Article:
Planning a field marketing event from November until early January can be a challenge. On the macro level, many companies are drilling down on EOY business goals. At the human level, employees have full plates both in and out of the office with their own business goals, schedule changes, and social occasions. So if you’d like to plan a great event during this vibrant period of the year, here’s the bottom line: It needs to embrace the context. Plan an event that won’t succeed despite the holidays, but because of them.
Plan the right kind of event
Though many B2B events take the shape of a conference, this is by no means the only format for success. Get with your team and mull over the different types of events that could work well in the busy holiday season. For maximum pop, keep your goal razor sharp, your venue friendly, and the client fun-factor high. Many creative corporate event ideas can be given a seasonal twist. Here are a few of our own:
- Rent a boutique event space and lead a half-day creative morning, complete with an inspirational speaker and brunch.
- Host a client-appreciation outing made better by the glitter and pomp of the season—an evening river cruise, a family movie night at an indie theater, a winter wine tour.
- Give your clients a vitamin boost amidst all the indulgence—schedule a pop-up juice bar in their office space. Nothing like a dose of wheatgrass to counterbalance cookie overload.
Book your venue way ahead
Booking a venue during the holidays forces you to be a long-game planner. If you’ve ever headed the search team for a company holiday party location, you know that venue competition is thick during the last months of the year. From restaurants and hotels to conference centers, demand is high. Booking well in advance has several advantages, with availability and budget friendliness at the top. To give your November or December event the best chance to shine, plan on booking by July, especially if you need a larger space.
Adjust your registration expectations
Let’s be honest. You’re rolling the dice for registration by hosting an event at the end of the year. People are travelling, entertaining, and spending more time not working than usual.
But that doesn’t mean you can’t have an amazing turnout—you just need to have appropriate expectations, a great registration service (we can help!) and a savvy plan that suits the season. All the same attendance-driving strategies apply to holiday events, but should be amplified. Your agenda has to be even more intriguing. Your calendar should be even more sensitive. And to combat a higher rate of attrition, invite more people than you normally would.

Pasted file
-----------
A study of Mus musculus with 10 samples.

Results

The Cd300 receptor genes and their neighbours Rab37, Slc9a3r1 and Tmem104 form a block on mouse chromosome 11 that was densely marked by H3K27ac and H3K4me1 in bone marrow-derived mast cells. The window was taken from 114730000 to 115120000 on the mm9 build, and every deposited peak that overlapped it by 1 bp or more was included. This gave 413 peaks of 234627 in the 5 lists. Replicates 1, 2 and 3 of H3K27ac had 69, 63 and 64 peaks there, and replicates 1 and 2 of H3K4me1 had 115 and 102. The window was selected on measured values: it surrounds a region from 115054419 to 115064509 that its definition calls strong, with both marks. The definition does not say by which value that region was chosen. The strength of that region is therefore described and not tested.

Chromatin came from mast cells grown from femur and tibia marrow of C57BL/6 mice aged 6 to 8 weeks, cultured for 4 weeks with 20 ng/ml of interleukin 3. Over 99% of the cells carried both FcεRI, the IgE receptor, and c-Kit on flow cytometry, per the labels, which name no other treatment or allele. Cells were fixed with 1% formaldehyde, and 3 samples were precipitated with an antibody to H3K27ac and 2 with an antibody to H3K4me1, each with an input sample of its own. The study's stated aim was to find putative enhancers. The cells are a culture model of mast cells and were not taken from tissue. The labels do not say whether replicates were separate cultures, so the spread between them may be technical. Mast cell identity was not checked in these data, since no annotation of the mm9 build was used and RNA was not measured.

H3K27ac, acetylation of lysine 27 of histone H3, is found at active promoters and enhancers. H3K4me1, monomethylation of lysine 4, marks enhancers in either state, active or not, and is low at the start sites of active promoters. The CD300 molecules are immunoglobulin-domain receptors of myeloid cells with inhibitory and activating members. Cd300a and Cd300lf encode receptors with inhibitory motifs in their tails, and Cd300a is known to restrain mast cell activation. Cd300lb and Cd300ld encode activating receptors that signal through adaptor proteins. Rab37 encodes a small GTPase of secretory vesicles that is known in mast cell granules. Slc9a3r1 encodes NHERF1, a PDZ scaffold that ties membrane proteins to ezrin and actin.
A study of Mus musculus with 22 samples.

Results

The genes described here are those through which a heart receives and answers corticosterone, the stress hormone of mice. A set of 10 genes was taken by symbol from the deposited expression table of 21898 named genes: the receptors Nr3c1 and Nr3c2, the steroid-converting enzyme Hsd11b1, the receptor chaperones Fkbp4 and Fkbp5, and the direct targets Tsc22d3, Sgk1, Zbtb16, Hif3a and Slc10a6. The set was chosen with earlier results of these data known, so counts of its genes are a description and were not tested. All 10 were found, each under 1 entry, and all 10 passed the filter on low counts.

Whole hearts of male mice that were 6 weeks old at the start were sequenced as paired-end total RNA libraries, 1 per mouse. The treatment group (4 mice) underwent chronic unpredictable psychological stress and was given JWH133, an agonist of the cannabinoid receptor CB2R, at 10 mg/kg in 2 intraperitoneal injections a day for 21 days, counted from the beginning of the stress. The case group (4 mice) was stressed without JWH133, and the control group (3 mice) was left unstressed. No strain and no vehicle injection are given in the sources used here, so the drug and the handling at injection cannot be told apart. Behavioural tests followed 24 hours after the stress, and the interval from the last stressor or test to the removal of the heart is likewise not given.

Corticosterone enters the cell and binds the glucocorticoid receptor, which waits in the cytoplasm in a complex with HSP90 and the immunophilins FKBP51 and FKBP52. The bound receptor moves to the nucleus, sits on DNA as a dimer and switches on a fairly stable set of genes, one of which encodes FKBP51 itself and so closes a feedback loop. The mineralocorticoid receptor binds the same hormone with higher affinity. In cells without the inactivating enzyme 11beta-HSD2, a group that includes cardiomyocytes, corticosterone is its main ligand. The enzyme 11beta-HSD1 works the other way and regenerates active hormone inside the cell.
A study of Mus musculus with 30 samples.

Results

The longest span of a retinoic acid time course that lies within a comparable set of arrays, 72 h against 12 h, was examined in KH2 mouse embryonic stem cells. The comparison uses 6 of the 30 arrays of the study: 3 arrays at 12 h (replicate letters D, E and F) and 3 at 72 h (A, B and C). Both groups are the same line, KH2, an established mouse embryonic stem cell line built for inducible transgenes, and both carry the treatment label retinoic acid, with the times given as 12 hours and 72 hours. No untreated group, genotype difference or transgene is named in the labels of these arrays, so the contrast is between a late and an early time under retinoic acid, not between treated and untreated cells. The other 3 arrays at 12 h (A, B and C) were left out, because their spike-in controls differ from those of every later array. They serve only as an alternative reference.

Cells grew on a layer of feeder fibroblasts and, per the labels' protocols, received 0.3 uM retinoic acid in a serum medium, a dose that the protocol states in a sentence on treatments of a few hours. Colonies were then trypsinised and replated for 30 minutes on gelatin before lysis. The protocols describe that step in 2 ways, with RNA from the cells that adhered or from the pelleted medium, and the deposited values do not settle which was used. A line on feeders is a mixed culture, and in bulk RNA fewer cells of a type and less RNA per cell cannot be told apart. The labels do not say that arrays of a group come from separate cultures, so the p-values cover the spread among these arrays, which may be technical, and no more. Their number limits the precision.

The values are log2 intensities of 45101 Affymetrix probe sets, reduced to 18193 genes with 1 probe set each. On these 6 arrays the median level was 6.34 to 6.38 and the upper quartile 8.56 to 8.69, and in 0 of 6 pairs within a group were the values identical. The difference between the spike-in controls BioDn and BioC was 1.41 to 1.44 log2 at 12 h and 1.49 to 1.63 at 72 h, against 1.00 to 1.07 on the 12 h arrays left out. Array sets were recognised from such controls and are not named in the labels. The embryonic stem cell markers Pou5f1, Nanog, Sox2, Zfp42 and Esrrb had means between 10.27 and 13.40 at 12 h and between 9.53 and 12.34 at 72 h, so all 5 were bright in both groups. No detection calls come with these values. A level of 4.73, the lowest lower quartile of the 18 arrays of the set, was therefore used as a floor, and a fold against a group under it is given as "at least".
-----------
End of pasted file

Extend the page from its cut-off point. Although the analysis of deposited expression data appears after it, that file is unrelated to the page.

Our top three tips are:
Scale down the event and cast a wide net
Ditch a big, low-touch event in favor of something more intimate, and loosen up your attendee criteria as much as you’re able without jeopardizing brand or client experience.
First step, learn your audience. What is their annual calendar like by company, by industry, by city? What might their particulars needs be at this time of year? Get a great idea of you client needs and schedule, then design an event that fits right in sequence with it.
Sometimes the best events are the simple ones. Pick a focus, theme, or objective—be it a workshop, thank-you experience, or surprise giveaway station in the town center—and put thought into how to make it irresistible.
Avoid event-killing choices
You want your clients to take your event seriously. So don’t give them reason not to.
Don’t host your event on a Thursday or Friday evening
Event planning organization Kapow reported that 40% of holiday events took place on these nights during the second and third weeks of December. So to avoid competition, plan an event early in the week, early in the season—and preferably early in the day.
Don’t expect them to travel (far)
Chances are, most of your clients will already be braving gridlock and security lines during November and December. Adding anything beyond a minor commute to their plate will seriously impact their likelihood to attend. Figure out the epicenter of your client radius (hopefully this is somewhere great!) or the closest metropolis center, and choose a friendly venue with easy access.
Don’t ask them to do anything but be there
Sure, if you have a friendly client who’s always gungho to engage in your planning, take advantage. But for the most part, the holiday season is not the time to survey your attendee pool, ask them to make extensive invites, or do any post-event follow up.
Have a bad-weather contingency plan
Snow can be a real deal-breaker for many travelers. Be ready for it.
Get in the spirit without being festive
Incorporating real holiday details into your marketing event can be risky. Some folks may want to attend something a little more agnostic and business-centric. But that doesn’t mean that you can’t build in a few keen and timely marketing ideas to boost morale and involvement. Establish a fun charitable-giving component to your event. Develop a unique holiday partnership with another organization. Offer a special end-of-year incentive program or giveaway. In short, embrace the spirit of giving with your business hat on.